MiamiStudent.net | Monday, March 23, 2009

Miami University may be losing its conservative stereotype if claims by author David Horowitz ring true.

Horowitz's latest book One-Party Classroom: How Radical Professors at America's Top Colleges Indoctrinate Students and Undermine Our Democracy focuses on colleges throughout the U.S. that allegedly indoctrinate their students into a radical political ideology.

Miami is ranked ninth on Horowitz's list of "Dirty Dozen" schools. Other schools include Columbia University, Duke University, University of Texas, Penn State University, Temple University, Arizona State University and the University of California, Santa Cruz.

Horowitz has been promoting his book through appearances on the cable network news talk show circuit during the past week. In a March 10 interview with Sean Hannity on Fox News, Horowitz said he believes there are approximately 10 to 30,000 indoctrination courses within colleges across the nation designed to leave students with radical Marxist, anti-American, anti-capitalist and anti-free market points of view.

Horowitz said these universities have liberal professors who influence their students through various course materials and discussions.

During the interview with Fox News, Horowitz described the transition to indoctrination he believes occurs at these universities.

"Radicals went into the universities and became professors and then redesigned the courses," Horowitz said in the interview.

In response to Horowitz's statements, Miami's College Republicans held a meeting Monday night to review his book and discuss how the issue of indoctrination applies to Miami's students.

College Republicans Chairman Chris Berry facilitated the meeting and led an open discussion on various topics, including examples of classes in which members said they had noticed liberal influences and how the implicated courses affected students' perceptions.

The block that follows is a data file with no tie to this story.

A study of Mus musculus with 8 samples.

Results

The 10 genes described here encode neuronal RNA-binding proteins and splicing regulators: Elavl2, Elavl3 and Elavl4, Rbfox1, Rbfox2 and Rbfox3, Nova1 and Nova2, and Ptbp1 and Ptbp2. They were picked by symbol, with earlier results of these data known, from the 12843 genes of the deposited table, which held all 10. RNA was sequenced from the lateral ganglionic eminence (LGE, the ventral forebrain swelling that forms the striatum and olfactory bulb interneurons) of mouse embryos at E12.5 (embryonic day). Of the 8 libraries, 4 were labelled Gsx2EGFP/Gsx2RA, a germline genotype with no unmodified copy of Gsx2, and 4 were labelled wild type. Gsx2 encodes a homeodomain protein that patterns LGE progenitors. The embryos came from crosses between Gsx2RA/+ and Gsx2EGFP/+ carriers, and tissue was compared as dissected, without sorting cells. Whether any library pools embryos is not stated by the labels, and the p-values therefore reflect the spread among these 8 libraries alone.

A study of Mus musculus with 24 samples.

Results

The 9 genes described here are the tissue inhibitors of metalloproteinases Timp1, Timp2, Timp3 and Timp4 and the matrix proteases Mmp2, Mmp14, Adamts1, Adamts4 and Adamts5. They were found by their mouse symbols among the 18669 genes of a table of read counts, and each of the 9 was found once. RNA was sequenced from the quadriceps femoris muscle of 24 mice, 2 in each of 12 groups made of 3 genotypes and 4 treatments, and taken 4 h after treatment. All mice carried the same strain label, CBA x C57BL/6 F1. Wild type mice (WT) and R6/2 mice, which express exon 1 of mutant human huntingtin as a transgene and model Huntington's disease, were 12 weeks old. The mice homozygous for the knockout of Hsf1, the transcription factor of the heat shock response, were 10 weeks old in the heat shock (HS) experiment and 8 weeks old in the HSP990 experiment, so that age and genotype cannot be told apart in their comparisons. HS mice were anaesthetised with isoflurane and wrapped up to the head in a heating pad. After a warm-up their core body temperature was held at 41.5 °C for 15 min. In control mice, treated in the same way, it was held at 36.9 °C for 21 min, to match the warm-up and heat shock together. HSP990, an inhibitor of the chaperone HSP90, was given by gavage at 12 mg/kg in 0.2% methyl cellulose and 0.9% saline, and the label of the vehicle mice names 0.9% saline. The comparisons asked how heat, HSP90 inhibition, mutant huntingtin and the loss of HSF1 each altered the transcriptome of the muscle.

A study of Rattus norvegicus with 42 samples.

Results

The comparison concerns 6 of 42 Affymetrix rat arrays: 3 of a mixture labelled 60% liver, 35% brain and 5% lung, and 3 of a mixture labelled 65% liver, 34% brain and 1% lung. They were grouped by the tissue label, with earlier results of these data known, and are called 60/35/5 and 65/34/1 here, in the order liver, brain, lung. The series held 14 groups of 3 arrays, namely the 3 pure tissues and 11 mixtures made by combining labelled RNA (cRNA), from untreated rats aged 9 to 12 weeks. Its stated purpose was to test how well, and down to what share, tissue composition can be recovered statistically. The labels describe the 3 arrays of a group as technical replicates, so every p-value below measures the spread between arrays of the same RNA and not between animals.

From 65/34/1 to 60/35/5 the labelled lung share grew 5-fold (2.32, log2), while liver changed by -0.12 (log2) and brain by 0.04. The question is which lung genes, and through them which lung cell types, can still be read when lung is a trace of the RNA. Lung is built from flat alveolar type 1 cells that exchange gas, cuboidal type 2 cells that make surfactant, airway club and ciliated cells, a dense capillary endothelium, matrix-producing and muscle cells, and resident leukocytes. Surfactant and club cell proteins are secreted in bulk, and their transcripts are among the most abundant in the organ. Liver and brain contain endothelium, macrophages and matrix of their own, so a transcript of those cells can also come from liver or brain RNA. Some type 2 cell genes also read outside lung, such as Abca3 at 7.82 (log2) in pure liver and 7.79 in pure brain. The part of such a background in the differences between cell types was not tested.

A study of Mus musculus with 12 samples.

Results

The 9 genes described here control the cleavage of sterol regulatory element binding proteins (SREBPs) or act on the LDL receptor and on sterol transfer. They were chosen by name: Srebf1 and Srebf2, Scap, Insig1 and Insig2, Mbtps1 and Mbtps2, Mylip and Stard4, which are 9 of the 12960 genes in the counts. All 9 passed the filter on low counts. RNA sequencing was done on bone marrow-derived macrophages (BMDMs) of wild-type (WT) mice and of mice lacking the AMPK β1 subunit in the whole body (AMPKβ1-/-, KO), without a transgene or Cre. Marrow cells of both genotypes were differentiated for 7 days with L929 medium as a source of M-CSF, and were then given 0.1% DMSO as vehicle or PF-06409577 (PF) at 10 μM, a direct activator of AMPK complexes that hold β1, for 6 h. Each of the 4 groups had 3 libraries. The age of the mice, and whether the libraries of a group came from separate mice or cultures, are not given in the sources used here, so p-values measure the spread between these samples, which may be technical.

Many of the members contributed anecdotes from their experiences in Miami classes supporting Horowitz's claims. The courses discussed ranged from botany to women's studies to communication.

According to Berry, indoctrination is an issue for students.

"Students are captive to indoctrination," Berry said.

Despite Horowitz's argument, Provost Jeffrey Herbst said Miami has established policies to ensure professors remain unbiased in their teaching methods.

"We have a very long statement in the Miami University policy manual on precisely this issue," Herbst said.

Chapter five, section two of Miami's policy and information manual states "faculty members should at all times be accurate, should exercise appropriate restraint, should show respect for the opinions of others, and should make every effort to indicate that they are not speaking for the institution."

Sean Wright, co-president of College Democrats, said Miami's policy is well enforced on campus.

"During the elections, President Hodge was adamant about professors not being allowed to discuss their political views," Wright said.

Wright said Miami's slant toward liberalism is not a result of indoctrination, but rather reflects a general worldwide climate toward it.

"Many courses that are accused of being biased are just providing information that empowers and embraces cultural differences," Wright said. "They are just focusing on the construction of a liberal education."

Herbst said he believes Miami professors abide by the university's guidelines against indoctrination.

"Professors have the right to their own opinions," Herbst said, "but, like I said, we have a statement of good teaching practices, and I think the faculty adheres to those."

Sophomore political science major Mandi Martanovic said professors may be unable to avoid revealing political tendencies.

"I think that underlying biases are unavoidable," Martanovic said. "There is no way professors can be completely objective, but I don't think that their opinions have that much of an impact on students."

Additional reporting by Brianna Mulligan.